Engineers are often math enthusiasts who got bored with the abstract. Even though number crunching is significant to engineers’ work, math is no more than a convenient means to arrive at a physical end. The type of math an engineer uses will depend on the type of engineer she is and the type of project in which she's involved.
All math is based on the idea that 1 plus 1 equals 2, and 1 minus 1 equals 0. Multiplication and division –2 times 2 and 4 divided by 2 – are variations used to avoid multiple iterations of either subtraction or addition. One example of an engineer's use of basic arithmetic is the civil engineer's calculations for describing water flow across an open basin. The flow is reckoned in cubic feet per second, or Q, where Q equals the runoff coefficient times the intensity of the rain for a specified period, times the area of the basin. If the runoff coefficient is 2, the intensity, in inches of rain, is 4 and the basin – a specified area of land – is 1/2 acre, the engineer's formula resembles this: (2x4)/(.5x43,560), or 8/21,780. The result, 0.0003673, is the volume of water, in cubic feet per second, flowing across the land.
Algebra and Geometry
When several of the factors of a problem are known and one or more are unknown, engineers use algebra, including differential equations in cases when there are several unknowns. Because engineers work to arrive at a solution to a physical problem, geometry – with its planes, circles and angles – determines such diverse things as the torque used to turn a wheel, and reduces the design of a roadway's curve to an accurate engineering or construction drawing.
Trigonometry is the science of measuring triangles. Engineers may use plane trigonometry to determine the size of an irregularly shaped parcel of land. It may also be used or to determine the height of an object based solely on the distance to the object and the angle, up or down, from the observer. Spherical trigonometry is used by naval engineers in ship design and by mechanical engineers working on such arcane projects as the design of mechanical hand for an underwater robot.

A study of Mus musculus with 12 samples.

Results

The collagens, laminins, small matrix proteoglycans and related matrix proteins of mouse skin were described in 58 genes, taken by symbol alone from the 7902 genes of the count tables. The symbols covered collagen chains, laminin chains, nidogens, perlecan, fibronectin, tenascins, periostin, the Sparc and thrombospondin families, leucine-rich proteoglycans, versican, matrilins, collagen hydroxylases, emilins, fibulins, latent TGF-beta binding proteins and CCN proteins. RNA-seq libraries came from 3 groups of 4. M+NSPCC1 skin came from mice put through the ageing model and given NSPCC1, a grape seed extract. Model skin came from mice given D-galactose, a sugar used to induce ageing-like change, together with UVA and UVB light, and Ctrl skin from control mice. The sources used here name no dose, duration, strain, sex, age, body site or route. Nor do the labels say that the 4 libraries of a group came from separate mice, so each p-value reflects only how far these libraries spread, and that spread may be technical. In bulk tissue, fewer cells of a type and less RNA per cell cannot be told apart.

We all love statistics. They tell us where we stand in the world, among our peers and even in our family. They tell us who's winning. The engineer uses them for the same reasons – by statistical analysis of the design, the engineer can tell what percentage of a design will need armor or reinforcement or where any likely failures will occur. For the civil engineer, statistics appear as the concentration of rainfall, wind loads and bridge design. In many locations, engineers designing drainage systems must design for a 50- or 100-year storm in their calculations, a significant change from the normal rain concentration.
Calculus is used by engineers to determine rates of change or rates by which factors, such as acceleration or weight, change. It might tell NASA scientists at what point the change in a satellite's orbit will cause the satellite to strike an object in space. A more mundane task for calculus might be determining how large a box must be to accommodate a specific number of things. An engineer who designs packaging, for example, might know that a product of a certain weight must be packaged in groups of no more than 10 because of their weight. Using calculus, he can calculate both the optimum number of objects per box, plus the optimum size of the box.
About the Author
Will Charpentier is a writer who specializes in boating and maritime subjects. A retired ship captain, Charpentier holds a doctorate in applied ocean science and engineering. He is also a certified marine technician and the author of a popular text on writing local history.